Far Cry 3 was a great game, even if its story and characters were pretty lame. Taking over outposts by stealthily cutting alarms, hunting animals, or climbing towers provided terrific distractions from the main plot. So the idea of a standalone Far Cry 3 offshoot that offers more chances to get into some of this specific type of open world mischief is pretty appealing. Far Cry 3: Blood Dragon isn't just more Far Cry 3, though. It's Far Cry 3 taped onto a VHS tape, then duped over to another VHS tape with the commercials cut out, then copied for your friends at school and played on a filthy VCR that's been playing illicit tapes taken from the "steamy" section of the local rental store. This '80s action movie twist on the Far Cry 3 mechanics has a killer aesthetic, but it flinches a little too often, resulting an a game that oscillates between dumb B-movie tropes and a self-awareness that prevents the look and tone from working as well as it should.
Blood Dragon takes place in the far-flung future of 2007, where cybersoldiers are the norm. You play as a Mark IV model named Rex Power Colt, and you're sent to an island to stop your former commander, who is harvesting blood from large dragons and plans to launch missiles and infect the world with... whatever it is that the blood from those dragons actually causes. The details of the story are largely irrelevant; it's the style of this retro-futuristic 2007 that matters. The whole game has a dark (almost too dark, at times), muddy look that's being filtered through Colt's cyber-eyes, giving the entire game scanlines. There's a small handful of main story missions to play through, and plenty of side stuff, too. Some of it, like taking over outposts, comes in from the main Far Cry 3, but nothing comes in untouched.
Capturing outposts in Blood Dragon is a little different. The basics of eliminating all the enemies and trying to avoid alarms are still in place, but each base is surrounded by huge energy shields that keep the blood dragons out. If you like, you can sneak into the center of an outpost and lower those shields, letting you watch as the huge, mostly-flightless creatures make their way in and start stomping the computer-voiced enemy troops. Once that's done, of course, you'll still have to deal with the dragon by either killing it or tricking it into leaving the base, which automatically raises the shields again. You can lure the dragons around by throwing cyberhearts, which are looted off of the bodies of your humanoid enemies. It's like the rock throwing system in Far Cry 3, which also shows up in Blood Dragon, but for some dumb reason you're throwing 20-sided dice instead of rocks.
That starts to illustrate the disconnect between Blood Dragon's '80s action movie style and its self-awareness. The game starts with a sour note by putting you through a tutorial that's too cute for its own good, forcing you to stand still and go through the basics while your character, voiced by Michael Biehn (though at times his delivery is a little more Michael Rooker), curses up a storm because he just wants to go kill stuff. All of the loading screen tool-tips try to be self-aware, too. It's like the game can't decide if it wants to lean all the way into its Commando and RoboCop references or hang back and comment on the action like the game is trying to be "above it." It's disappointing, because there are funny moments in both cases, but the whole thing would have been stronger if the writers could have just committed to nailing one or the other.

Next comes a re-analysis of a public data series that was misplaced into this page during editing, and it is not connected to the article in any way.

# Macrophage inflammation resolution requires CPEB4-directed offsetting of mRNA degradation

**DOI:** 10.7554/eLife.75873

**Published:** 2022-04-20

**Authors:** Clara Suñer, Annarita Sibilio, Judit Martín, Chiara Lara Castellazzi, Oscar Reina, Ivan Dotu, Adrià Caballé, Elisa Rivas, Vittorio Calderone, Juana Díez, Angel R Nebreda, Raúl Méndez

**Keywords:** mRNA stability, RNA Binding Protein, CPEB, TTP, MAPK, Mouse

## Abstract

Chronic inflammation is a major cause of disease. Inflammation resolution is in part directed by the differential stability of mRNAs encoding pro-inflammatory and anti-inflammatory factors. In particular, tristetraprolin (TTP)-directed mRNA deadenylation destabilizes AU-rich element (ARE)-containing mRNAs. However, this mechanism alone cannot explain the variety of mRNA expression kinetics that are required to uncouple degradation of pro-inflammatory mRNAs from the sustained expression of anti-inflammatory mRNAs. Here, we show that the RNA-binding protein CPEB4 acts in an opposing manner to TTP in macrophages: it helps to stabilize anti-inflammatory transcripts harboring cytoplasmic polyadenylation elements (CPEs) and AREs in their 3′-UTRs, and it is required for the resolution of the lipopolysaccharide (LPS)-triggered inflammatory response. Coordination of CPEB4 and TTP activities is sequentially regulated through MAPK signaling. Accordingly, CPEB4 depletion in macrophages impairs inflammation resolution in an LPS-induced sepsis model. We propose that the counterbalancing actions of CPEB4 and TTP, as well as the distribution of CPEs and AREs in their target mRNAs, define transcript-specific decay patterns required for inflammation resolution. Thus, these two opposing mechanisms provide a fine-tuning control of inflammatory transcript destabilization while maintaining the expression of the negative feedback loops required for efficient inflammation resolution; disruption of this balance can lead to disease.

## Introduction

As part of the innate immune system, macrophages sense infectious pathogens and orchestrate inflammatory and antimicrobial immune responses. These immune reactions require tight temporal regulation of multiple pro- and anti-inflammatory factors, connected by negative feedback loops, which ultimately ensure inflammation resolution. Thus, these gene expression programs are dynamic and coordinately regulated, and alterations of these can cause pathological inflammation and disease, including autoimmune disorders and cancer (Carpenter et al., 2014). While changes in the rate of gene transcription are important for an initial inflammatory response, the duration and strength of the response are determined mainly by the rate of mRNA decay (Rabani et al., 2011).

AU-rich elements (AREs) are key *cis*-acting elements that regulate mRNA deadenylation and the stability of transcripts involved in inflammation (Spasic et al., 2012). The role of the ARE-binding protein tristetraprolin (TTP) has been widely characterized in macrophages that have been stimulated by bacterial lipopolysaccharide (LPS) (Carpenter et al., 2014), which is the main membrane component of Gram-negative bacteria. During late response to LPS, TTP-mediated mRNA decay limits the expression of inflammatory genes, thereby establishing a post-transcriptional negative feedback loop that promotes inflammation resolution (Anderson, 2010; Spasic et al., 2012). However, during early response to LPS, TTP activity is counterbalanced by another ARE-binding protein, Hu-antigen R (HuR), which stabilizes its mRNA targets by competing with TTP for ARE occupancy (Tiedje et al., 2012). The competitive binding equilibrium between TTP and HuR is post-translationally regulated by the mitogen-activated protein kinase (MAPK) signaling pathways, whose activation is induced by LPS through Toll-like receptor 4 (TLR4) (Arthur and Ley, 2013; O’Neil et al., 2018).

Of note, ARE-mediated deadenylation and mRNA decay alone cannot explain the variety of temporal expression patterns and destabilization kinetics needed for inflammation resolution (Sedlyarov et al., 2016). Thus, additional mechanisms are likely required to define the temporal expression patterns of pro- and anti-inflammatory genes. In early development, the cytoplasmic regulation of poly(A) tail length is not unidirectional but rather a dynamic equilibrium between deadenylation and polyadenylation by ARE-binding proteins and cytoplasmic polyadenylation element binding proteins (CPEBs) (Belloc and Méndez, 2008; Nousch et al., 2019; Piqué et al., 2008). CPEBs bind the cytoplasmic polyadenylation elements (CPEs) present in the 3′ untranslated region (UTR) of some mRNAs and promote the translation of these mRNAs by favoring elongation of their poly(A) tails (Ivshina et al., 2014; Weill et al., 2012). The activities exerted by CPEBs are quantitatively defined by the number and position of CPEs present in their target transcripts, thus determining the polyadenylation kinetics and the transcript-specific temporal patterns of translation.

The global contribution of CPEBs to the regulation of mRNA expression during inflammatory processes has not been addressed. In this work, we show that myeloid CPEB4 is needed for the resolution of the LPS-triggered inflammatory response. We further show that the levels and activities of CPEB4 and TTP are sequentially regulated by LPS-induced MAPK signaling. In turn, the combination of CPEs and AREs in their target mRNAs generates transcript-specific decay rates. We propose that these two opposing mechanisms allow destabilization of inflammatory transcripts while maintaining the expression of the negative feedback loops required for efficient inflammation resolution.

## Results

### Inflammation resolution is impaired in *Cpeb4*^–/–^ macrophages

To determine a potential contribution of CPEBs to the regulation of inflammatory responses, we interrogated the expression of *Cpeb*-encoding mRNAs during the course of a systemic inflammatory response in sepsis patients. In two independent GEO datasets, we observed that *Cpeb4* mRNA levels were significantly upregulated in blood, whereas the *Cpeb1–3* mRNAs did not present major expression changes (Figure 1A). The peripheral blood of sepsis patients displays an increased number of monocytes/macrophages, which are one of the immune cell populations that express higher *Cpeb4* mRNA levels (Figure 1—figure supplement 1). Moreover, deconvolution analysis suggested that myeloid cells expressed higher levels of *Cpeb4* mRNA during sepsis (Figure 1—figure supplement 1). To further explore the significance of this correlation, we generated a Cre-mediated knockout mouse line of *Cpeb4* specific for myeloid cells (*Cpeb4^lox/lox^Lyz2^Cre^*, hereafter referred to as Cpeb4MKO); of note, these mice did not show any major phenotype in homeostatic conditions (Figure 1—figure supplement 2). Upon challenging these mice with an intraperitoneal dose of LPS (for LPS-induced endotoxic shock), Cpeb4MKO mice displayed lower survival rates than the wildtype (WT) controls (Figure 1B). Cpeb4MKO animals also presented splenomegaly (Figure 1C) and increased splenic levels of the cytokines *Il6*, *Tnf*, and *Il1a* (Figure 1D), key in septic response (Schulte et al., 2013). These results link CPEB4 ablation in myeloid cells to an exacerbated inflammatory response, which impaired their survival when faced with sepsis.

Other side missions let you rescue hostages or go hunting. Completing these tasks unlock the ability to buy weapon attachments, like explosive rounds for your sniper rifle or a silencer for your pistol. You'll also gain experience points and level up, but unlike Far Cry 3, you can't spend points on a skill tree. The skills--most of which are lifted right out of the main game--are unlocked in a set order. Far Cry 3: Blood Dragon isn't an especially long game, but if you attempt to wring every last bit out of the side missions and start hunting for collectibles, there's certainly more to it than the average digital release. It also has a fantastic soundtrack that fits with the retro-futuristic action perfectly.
By building on a strong base game, Far Cry 3: Blood Dragon brings in a lot of the best moments from its predecessor. Stalking around and silently grabbing an enemy, then dragging his body out of sight is still pretty fun. Chaining together stealth kills and tossing ninja stars at distant enemies (which replaces the "stealth kill one enemy then use his gun to shoot someone else" animation from the original game) is rad. So Blood Dragon works. It also has enough completely ridiculous moments--especially near the end of the game--to make its boneheaded action movie tone work. It's just a shame that this love letter to the sorts of movies you'd catch on Showtime at 2PM on Wednesday in 1988 gets cut with so many winks and nods. Played straight, it'd be a funnier game, but like the core game upon which it is based, Blood Dragon is still great fun.